Emmons slowed by leg

Aug. 6: Linebacker Carlos Emmons missed Friday's practice, the second day in a row he sat out. Emmons broke his left leg late last year with the Philadelphia Eagles and missed the spring camps.

"They slowed him right down," Tom Coughlin said. "They took him off the field yesterday and wanted to give him a couple days of rest. It's pretty much day-to-day."

"I am concerned because obviously the one practice a day bothered him. So I am concerned. The way it's been explained to me is he's getting over a fracture that still has hardware and he's got to fight his way through that. He'll have a little temporary setback once in a while, but hopefully he can get that under control. That's what the medical people tell me."

Emmons seemed much less worried than the coach.

"It's just a little bit sore, so we took some time off to let it ease up," Emmons said. "This is what it's supposed to do. This is what they told me was going to happen. I was supposed to come in and take it easy, but I came in and practiced full from the start. I think I just went a little fast on it. Nothing that's happened is out of the ordinary. It's part of the injury – when you first get back on it, it swells up and goes back down. When you practice again it swells up and goes back down. It's no big deal."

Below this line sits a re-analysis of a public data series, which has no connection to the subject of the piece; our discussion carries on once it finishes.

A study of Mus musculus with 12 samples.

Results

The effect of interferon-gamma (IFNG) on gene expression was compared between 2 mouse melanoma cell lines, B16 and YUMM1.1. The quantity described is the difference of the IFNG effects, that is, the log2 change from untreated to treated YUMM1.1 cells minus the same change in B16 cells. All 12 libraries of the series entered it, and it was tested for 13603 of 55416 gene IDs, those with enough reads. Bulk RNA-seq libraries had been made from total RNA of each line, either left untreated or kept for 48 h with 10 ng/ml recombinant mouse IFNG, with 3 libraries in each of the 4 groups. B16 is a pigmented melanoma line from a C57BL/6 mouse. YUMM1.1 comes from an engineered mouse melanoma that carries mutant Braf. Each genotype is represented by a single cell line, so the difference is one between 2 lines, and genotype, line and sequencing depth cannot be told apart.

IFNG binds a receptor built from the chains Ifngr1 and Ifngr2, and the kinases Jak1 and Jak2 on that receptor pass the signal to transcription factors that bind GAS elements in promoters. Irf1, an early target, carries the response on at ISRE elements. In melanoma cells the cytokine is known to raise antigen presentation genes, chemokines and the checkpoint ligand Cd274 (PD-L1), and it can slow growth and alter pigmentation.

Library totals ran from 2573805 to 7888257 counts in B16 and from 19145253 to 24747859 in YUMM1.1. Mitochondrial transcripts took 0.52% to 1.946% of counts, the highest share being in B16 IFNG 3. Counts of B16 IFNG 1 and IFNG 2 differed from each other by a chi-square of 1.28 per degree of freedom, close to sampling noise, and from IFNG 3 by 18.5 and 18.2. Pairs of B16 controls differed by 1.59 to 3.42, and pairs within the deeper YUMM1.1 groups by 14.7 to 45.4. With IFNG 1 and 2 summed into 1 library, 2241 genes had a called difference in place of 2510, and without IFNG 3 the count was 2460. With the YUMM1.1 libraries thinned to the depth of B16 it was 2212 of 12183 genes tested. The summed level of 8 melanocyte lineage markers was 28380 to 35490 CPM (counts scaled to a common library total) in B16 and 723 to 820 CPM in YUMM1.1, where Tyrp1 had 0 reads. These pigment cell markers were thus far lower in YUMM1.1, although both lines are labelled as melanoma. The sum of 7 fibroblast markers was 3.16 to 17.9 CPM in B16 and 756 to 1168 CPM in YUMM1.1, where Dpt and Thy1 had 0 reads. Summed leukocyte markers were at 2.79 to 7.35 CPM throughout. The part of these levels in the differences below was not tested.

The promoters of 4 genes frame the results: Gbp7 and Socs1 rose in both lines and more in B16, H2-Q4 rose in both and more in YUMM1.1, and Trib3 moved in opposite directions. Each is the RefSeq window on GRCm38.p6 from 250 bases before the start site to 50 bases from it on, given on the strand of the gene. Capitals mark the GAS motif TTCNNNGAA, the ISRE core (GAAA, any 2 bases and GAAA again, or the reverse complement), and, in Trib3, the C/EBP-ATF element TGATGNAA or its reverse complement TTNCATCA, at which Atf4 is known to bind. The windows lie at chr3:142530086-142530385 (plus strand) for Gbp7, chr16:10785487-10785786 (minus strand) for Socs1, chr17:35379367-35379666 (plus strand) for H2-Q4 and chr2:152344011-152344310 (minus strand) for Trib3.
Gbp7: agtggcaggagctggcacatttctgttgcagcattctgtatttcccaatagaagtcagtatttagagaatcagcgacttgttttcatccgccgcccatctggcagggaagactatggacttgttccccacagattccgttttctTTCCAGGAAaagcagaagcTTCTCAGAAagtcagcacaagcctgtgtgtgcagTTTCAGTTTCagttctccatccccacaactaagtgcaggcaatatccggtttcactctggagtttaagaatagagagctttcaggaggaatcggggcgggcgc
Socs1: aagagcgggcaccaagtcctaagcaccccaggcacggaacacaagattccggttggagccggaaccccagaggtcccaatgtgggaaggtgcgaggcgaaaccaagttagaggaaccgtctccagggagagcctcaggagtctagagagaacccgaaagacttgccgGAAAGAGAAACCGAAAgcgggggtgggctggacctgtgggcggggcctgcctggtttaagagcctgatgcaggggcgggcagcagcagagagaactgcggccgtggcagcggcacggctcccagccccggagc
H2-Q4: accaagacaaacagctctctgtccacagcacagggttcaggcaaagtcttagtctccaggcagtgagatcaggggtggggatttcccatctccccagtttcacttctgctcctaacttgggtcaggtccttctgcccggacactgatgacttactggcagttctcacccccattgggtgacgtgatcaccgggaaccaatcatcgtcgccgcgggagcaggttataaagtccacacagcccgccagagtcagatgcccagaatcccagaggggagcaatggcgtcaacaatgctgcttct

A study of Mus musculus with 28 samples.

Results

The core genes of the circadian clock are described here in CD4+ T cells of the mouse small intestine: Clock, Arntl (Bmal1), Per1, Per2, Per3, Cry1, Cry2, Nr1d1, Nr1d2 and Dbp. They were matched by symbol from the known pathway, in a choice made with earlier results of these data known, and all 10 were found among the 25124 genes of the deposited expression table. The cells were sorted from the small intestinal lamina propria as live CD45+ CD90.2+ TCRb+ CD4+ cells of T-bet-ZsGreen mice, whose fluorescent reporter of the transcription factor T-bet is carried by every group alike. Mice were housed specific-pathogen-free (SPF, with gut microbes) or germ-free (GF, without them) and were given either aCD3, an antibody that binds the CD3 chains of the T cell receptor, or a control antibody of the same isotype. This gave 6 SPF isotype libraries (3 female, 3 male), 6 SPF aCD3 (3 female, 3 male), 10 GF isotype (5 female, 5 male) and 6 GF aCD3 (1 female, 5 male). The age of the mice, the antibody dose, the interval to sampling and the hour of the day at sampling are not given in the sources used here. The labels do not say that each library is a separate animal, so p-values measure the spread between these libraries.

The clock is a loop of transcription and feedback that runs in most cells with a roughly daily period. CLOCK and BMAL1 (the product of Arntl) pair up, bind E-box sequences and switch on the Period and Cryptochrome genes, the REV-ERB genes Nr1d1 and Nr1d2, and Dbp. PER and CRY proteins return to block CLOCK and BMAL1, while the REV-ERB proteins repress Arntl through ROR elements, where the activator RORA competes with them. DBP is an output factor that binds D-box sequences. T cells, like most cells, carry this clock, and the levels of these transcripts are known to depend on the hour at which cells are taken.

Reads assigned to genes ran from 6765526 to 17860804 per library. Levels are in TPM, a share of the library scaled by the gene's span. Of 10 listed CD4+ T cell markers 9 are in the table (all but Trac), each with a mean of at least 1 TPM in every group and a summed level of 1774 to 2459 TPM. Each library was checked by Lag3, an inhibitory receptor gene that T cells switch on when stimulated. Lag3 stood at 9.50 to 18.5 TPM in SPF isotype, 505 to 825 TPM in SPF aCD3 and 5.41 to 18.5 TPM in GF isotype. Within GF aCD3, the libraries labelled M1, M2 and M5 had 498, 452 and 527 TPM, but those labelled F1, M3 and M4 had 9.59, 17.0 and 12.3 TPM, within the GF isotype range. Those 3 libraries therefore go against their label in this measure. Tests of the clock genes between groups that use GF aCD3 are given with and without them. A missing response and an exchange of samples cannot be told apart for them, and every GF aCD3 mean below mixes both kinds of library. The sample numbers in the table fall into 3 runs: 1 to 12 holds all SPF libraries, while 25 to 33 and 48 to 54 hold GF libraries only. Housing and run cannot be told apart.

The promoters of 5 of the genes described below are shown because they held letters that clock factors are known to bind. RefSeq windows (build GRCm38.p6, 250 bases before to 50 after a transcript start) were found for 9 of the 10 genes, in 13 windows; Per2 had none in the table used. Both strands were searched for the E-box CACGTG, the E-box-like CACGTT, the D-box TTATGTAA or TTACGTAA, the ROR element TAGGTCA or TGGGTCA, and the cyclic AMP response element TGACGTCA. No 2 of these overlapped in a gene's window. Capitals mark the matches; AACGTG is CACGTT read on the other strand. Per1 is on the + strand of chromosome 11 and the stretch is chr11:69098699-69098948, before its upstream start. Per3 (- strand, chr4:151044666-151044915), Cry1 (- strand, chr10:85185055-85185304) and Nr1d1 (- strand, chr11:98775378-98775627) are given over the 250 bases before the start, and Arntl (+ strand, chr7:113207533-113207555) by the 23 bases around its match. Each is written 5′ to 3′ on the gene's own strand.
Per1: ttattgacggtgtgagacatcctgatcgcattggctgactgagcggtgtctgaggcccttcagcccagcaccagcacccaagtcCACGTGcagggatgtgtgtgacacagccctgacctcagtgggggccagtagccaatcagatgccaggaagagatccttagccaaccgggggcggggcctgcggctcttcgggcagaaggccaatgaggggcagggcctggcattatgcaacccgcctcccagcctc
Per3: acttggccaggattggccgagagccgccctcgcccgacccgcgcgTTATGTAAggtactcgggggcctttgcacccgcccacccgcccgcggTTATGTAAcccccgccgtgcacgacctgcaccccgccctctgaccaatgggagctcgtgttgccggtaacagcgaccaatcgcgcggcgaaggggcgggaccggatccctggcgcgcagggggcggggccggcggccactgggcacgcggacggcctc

Emmons said he could return at any time, and the reason for his inactivity is to let the inflammation in the injured area diminish.



Several flags were thrown in practice as the crew paid special attention to the league-mandated emphasis on the rule that prohibits defensive backs from making contact with receivers more than five yards from the line of scrimmage.

"I told the team we cannot ignore this rule now," Coughlin said. "We received a memo from the league office telling us exactly how this was going to be emphasized and the fact that with the preseason games they were really standing on the officials to make them enforce this emphasis. So what you see out here, you see light contact beyond five yards they're calling it. They're just throwing it down."

"It's making the game more athletic. You have to figure out other ways of covering the receiver," CB Will Peterson said. "I'm not going to change my game. I'll let them call what they call."